Indian: Exports of hydroxychloroquine and paracetamol will be allowed on humanitarian ground
India on Tuesday said it had placed two drugs namely hydroxychloroquine (HCQ), an anti-malarial drug considered suitable for the treatment of COVID-19, and paracetamol, an antipyretic, under the licensed category for exports while freeing up 14 other drugs completely.
Exports of all these drugs were previously banned by the Centre following the covid-19 outbreak. The number of infections in India has crossed 5,000, with 136 fatalities.
On 4 April, the export of HCQ was banned through a notification, without exemptions on humanitarian or other grounds. India had also tightened control over the exports of 13 active pharmaceutical ingredients (APIs), including paracetamol, certain vitamins, and antibiotics, and formulations as the covid-19 pandemic in China was seen affecting their supply.
Tuesday’s announcement, however, opens the doors for exports of HCQ and other drugs to India’s close neighbors, and strategic partners such as the US. Following the spread of covid-19, around 36 countries have requested India for HCQ.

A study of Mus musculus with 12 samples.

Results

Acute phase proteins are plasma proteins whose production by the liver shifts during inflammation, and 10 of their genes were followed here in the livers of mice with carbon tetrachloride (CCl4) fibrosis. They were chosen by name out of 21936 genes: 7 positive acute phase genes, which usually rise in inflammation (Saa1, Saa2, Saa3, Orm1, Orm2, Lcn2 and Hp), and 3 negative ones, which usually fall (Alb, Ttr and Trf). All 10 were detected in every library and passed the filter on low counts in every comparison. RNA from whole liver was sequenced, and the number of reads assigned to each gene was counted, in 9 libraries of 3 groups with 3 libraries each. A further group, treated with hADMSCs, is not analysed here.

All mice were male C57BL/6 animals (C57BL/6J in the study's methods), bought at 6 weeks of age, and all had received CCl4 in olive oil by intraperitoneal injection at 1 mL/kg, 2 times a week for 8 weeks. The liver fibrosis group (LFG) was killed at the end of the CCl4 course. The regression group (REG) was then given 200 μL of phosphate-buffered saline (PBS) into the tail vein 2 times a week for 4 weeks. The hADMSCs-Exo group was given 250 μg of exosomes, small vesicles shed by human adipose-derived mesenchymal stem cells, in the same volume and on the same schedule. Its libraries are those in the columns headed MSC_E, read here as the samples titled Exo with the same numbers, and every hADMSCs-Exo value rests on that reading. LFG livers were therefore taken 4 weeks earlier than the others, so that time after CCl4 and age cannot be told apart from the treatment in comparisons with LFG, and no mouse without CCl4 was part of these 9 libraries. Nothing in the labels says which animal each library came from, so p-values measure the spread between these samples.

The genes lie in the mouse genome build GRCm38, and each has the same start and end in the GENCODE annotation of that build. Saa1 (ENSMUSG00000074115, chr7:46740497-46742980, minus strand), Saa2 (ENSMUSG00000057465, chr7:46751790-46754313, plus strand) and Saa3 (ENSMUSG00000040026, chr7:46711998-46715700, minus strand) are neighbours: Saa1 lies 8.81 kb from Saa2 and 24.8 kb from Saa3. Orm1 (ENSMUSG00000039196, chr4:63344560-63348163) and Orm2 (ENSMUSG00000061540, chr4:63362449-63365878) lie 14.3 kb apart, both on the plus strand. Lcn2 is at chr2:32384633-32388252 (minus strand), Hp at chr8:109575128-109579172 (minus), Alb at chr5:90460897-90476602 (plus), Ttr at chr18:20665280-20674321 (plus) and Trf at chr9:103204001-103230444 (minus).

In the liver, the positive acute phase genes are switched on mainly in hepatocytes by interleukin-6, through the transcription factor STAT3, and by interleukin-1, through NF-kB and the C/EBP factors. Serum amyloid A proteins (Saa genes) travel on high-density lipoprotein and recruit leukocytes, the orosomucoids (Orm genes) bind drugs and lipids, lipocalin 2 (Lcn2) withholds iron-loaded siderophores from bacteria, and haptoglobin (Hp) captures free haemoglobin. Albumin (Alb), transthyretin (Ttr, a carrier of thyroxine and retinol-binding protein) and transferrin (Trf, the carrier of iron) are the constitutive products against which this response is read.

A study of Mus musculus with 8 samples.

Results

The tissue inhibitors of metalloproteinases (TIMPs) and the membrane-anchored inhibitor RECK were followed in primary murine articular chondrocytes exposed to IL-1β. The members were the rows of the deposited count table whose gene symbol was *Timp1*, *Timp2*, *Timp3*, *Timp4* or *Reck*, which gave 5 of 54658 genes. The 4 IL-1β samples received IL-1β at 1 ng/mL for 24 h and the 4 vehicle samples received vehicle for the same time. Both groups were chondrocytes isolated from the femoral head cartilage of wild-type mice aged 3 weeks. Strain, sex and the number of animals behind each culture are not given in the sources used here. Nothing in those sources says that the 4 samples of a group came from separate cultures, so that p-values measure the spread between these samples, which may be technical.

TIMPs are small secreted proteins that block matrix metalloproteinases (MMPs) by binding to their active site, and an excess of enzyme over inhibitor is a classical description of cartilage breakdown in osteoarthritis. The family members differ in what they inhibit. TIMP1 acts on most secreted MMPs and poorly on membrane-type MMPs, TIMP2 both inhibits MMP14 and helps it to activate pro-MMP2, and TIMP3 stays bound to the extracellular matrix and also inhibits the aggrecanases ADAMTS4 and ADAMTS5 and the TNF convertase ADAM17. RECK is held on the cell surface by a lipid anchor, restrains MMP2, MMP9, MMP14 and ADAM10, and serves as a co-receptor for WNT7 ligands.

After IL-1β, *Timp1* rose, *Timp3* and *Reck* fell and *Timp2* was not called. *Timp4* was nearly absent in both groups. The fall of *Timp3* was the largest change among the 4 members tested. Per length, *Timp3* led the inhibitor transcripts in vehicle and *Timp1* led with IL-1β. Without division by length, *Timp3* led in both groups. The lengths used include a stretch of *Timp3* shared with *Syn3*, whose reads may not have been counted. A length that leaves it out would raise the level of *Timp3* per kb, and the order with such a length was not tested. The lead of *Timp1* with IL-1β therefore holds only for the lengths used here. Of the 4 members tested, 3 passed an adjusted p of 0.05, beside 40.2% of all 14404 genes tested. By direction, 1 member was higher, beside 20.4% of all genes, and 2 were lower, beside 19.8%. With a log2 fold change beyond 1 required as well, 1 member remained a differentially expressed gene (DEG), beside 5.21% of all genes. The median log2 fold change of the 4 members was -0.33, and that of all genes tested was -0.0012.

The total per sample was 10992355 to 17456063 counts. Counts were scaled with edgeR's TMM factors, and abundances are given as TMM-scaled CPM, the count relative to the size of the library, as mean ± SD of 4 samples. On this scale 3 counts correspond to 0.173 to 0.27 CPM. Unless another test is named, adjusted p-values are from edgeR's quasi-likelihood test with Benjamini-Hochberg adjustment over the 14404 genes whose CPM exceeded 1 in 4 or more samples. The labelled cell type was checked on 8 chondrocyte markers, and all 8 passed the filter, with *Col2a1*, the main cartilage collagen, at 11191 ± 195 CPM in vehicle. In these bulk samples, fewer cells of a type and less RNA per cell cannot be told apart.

“With regard to paracetamol and HCQ, they will be kept in a licensed category and their demand position would be continuously monitored. However, the stock position could allow our companies to meet the export commitments that they had contracted,” foreign ministry spokesman Anurag Srivastava said.
“In view of the humanitarian aspects of the pandemic, it has been decided that India would license paracetamol and HCQ in appropriate quantities to all our neighboring countries who are dependent on our capabilities. We will also be supplying these essential drugs to some nations who have been particularly badly affected by the pandemic.”
India decided to lift the export ban after “a comprehensive assessment” of possible requirements under different scenarios, Srivastava said. “After having confirmed the availability of medicines for all possible contingencies currently envisaged, these restrictions have been largely lifted.”
This follows a telephone conversation between Donald Trump and Narendra Modi during the weekend, wherein the US President requested the Indian Prime Minister to lift the embargo on HCQ exports to the US. Nearly half of US’s drug supply comes from India.